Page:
This article first appeared in the St. Louis Beacon, Nov. 20, 2012 - First, "Life of Pi" is one of the more beautiful and strange movies available this year. Go see it. Second, if you are one of the people who tried to read the novel and stalled, don't let that stop you. The slow, talky opening of the book has been eliminated. Third, you can even take your children to this PG-rated movie, which is seldom the case with genuinely adult movies (and I don't mean sex-saturated "adult" movies).

Director Ang Lee, already legendary for such sumptuously visual movies as "Crouching Tiger, Hidden Dragon" and "Eat Drink Man Woman," has given us a film nearly beyond imagination. Even during the opening credits you will be watching exotic surprises. You will also laugh at precisely the material that made the beginning of the Man Booker Prize-winning novel a bit heavy on philosophical issues. And because the bulk of the movie occurs out on the vast Pacific Ocean, the story can show spectacularly imaginative scenes automatically beyond the experience of anybody who has never been adrift at sea for months.

The story is easy to describe but tricky. A teenager from India, Pi Patel, the son of a zookeeper, has to move to Canada with his family. Pi's father sells off most of the animals, but those he can sell most profitably himself he ships in a Japanese freighter, along with his family (himself, his wife, two sons)so they can care for the animals on the voyage. So far, it's just a charming, pretty movie.

Then the ship sinks in the open sea and all the people onboard are lost except for Pi. Now an extraordinary adventure begins. Pi is the lone human survivor on a well-stocked 26-foot lifeboat in the middle of the Pacific — plus four animals from the zoo: an injured zebra, a gentle orangutan, a vicious hyena, and a 450-pound Bengal tiger. For months.

To keep you from immediately snickering and saying, "No way," the story is designed as a flashback with a twist. From almost the outset, you know that Pi survived because he tells the story himself to a visiting writer, who listens in awe but also comments on the fable-like events with doubt, effectively acting as a stand-in for the audience (the identical structure used in the book). Then in addition, at the very end, a minor inquiry is held to determine the legal facts involved in what happened. So the story doesn't stop when Pi is saved. In a final turn, the ending (which I won't give here) is thrown at the viewer as a kind of challenge. That ending is clever, too, even though everyone probably won't be satisfied.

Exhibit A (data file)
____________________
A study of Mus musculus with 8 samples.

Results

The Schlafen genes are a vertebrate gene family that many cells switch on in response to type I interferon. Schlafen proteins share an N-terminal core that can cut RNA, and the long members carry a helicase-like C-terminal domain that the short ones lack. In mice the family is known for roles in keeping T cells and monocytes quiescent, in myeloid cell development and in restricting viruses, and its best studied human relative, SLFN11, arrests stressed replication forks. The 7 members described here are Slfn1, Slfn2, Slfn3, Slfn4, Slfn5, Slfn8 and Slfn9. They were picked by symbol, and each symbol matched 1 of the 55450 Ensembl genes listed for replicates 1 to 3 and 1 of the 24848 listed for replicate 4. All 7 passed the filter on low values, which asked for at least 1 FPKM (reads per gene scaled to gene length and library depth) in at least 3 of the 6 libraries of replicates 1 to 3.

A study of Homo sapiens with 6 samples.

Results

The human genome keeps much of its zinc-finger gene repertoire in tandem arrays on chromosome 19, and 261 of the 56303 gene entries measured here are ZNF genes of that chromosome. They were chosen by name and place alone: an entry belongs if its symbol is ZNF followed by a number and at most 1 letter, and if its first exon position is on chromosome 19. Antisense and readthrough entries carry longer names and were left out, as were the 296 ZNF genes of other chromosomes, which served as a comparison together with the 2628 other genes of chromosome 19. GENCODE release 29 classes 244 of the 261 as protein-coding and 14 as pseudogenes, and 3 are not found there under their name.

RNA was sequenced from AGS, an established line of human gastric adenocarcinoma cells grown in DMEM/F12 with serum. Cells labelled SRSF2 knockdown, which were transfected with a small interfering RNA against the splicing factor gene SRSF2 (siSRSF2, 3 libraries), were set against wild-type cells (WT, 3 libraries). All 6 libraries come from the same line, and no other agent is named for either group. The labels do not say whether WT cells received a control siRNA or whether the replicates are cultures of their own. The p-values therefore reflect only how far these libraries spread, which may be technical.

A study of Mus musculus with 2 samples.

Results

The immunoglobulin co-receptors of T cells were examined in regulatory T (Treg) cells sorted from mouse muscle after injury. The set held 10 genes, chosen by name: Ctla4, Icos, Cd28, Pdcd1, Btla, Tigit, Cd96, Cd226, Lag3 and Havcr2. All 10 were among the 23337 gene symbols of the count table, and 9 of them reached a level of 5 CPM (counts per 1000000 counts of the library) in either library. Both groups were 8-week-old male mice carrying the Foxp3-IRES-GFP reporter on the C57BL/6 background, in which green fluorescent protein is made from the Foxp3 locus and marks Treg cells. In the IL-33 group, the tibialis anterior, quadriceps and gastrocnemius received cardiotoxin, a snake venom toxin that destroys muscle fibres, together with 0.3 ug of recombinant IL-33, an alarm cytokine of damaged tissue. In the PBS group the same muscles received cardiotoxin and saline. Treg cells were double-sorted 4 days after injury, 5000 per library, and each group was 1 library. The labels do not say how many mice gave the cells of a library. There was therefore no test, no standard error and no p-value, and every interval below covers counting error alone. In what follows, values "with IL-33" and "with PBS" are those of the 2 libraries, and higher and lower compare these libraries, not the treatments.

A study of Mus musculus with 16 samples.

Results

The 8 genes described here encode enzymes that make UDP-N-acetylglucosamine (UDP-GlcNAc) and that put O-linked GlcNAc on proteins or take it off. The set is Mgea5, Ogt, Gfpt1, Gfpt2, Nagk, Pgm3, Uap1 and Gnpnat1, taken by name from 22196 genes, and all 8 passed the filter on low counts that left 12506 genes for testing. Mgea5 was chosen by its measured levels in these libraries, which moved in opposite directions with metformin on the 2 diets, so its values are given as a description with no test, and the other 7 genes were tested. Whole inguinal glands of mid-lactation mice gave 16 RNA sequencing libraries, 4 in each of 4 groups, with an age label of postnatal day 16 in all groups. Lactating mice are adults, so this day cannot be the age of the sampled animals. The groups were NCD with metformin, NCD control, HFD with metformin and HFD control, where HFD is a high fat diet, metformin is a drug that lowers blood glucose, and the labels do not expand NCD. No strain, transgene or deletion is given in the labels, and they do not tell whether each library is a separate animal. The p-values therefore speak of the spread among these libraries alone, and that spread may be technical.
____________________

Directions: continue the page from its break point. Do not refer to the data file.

Aside from the astounding drama of watching a bright but understandably nervous zookeeper's son trying to outwit a Royal Bengal tiger, one of Earth's most versatile and effective predators, we are also treated to two hours of natural beauty for which director Ang Lee has found a special form of emphasis. He shot the movie in 3D.

Lee claims that using the 3D format was what allowed him to "crack the book" and that "the ocean is perfect for 3D." Though I was disconcerted, as always, when another pair of crazy-lens glasses was thrust at me, I completely forgot about them within seconds. Lee was right. You will marvel at the mysteries of the ocean he presents to you. I doubt that you will complain about any of the computer-generated imagery either.

One final note: You probably will not recognize any of the cast of international actors, with the possible exception of a glimpse of Gerard Dépardieu and the presence of the lovely Tabu, the famed Indian actress who plays Pi's mother. She also played a leading role in "The Namesake" in 2006. Otherwise, you witness a story almost entirely strange and unfamiliar. Director Ang Lee actually went to the trouble of taking Tobey Maguire out of the movie (he was originally cast as the writer-audience) because he was too jarringly recognizable. Suraj Sharma, the 17-year-old actor who so convincingly plays Pi Patel, has never acted professionally before, and he was cast — out of 3,000 others — only because he happened to accompany his brother to an audition.

The end result is a remarkable fable of a beautifully dangerous animal, the awesome ocean, and some strange human mixtures of love and hope and will power.